A record $649bn poured into ESG-focused funds worldwide through November 30 last year, up from the $542bn and $285bn that flowed into these funds in 2020 and 2019, respectively, according to Refinitiv Lipper data.
Global sustainable investments are now estimated to range between $35tn and $40tn, while ESG funds now account for 10% of worldwide fund assets.
Extreme weather becoming more frequent and events highlighting social justice issues contributed to ESG rising to the top of the agenda of investors, companies and policy makers.
But bond issuers now appear to be reviewing the merits of tapping the ESG debt market, based on an assessment that the lower financing costs the label generally brings aren’t worth the risk of being exposed to greenwash accusations.
Amid mounting concern that only a fraction of such assets are bona fide “environmental, social, and governance” (ESG) investing, there are calls for tougher regulations to stamp out the false claims by fund managers.
Matt Patsky, who introduced the world’s first “green-chip” index of socially responsible companies in 1994, estimates that of the $35tn that the Global Sustainable Investment Alliance says is parked in sustainable investments, less than $1tn is in “real” ESG.
Such warnings are becoming more frequent as the mood around ESG shifts.
Goldman Sachs Group’s NN Investment Partners is among asset managers getting pickier and is increasingly rejecting ESG debt pitches, it said last month.
Issuers increasingly have to contend with the reputational risk of sending ESG debt to market that may not yet be fit for purpose.
Last September, Bloomberg News published an analysis of over 70 sustainability-linked revolving credit lines and term loans arranged in the US since 2018, revealing that over a quarter contained no penalty for falling short of stated goals, and only a minuscule discount if targets were met.
In Europe, a case in point is the evolving language that asset managers are using around a product called Article 8.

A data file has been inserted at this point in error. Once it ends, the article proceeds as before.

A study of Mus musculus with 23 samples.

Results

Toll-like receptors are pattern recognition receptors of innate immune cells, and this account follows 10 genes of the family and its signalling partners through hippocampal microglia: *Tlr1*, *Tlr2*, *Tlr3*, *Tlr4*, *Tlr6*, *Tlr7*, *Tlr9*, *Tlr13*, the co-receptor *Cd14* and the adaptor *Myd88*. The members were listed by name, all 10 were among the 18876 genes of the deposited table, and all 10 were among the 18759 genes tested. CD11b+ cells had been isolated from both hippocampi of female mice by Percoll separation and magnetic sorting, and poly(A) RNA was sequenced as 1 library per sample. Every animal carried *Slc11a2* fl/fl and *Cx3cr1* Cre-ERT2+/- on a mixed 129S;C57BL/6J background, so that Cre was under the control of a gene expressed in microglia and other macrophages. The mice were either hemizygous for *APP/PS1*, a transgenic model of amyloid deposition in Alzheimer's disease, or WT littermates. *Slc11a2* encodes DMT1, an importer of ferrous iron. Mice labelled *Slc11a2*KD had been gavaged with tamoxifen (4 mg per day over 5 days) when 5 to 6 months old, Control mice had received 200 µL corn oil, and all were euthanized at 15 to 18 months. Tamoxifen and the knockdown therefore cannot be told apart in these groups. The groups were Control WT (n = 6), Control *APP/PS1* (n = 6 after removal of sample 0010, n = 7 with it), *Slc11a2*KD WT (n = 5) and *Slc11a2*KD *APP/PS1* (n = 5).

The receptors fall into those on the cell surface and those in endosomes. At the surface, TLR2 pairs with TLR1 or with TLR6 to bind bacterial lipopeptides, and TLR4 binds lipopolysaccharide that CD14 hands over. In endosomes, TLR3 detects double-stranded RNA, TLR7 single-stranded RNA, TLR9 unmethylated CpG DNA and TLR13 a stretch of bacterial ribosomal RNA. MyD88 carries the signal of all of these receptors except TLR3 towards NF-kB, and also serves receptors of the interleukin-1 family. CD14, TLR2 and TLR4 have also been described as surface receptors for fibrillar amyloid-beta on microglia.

Defined within EU sustainable finance disclosure regulations as a product that “promotes” sustainability, a number of investment managers are nonetheless choosing not to attach an ESG label.
Some companies have expressed reservations about issuing ultra-long green debt in particular, citing a fast-changing regulatory landscape and reputational risks.
Green bond issuers could opt to reduce tenors to avoid jeopardising their green credentials as market thresholds tighten, according to Maia Godemer, associate at BloombergNEF.
It’s been a bumpy stretch for adherents of investment strategies based on ESG data.
But in a new paper entitled “Does ESG Really Matter — and Why,” consultants from McKinsey & Co run through the many reasons why ESG has attracted such intense criticism of late.
They ultimately conclude that, regardless of the current turbulence surrounding its specific components, ESG’s underpinnings and the “social licence” adherence to them will remain important for companies far into the future.
For the best outcome, companies should focus on ESG improvements that are informed by and support the evolution of their business models, even if the improvements don’t directly lead to higher ratings, the McKinsey authors wrote.
Global ESG assets are on track to exceed $53tn by 2025, or more than a third of the $140.5tn in projected total assets under management, according to Bloomberg Intelligence earlier this year.
Make no mistake, ESG is clearly a money machine for the finance industry. Its impact on the real world, however, isn’t always easy to discern.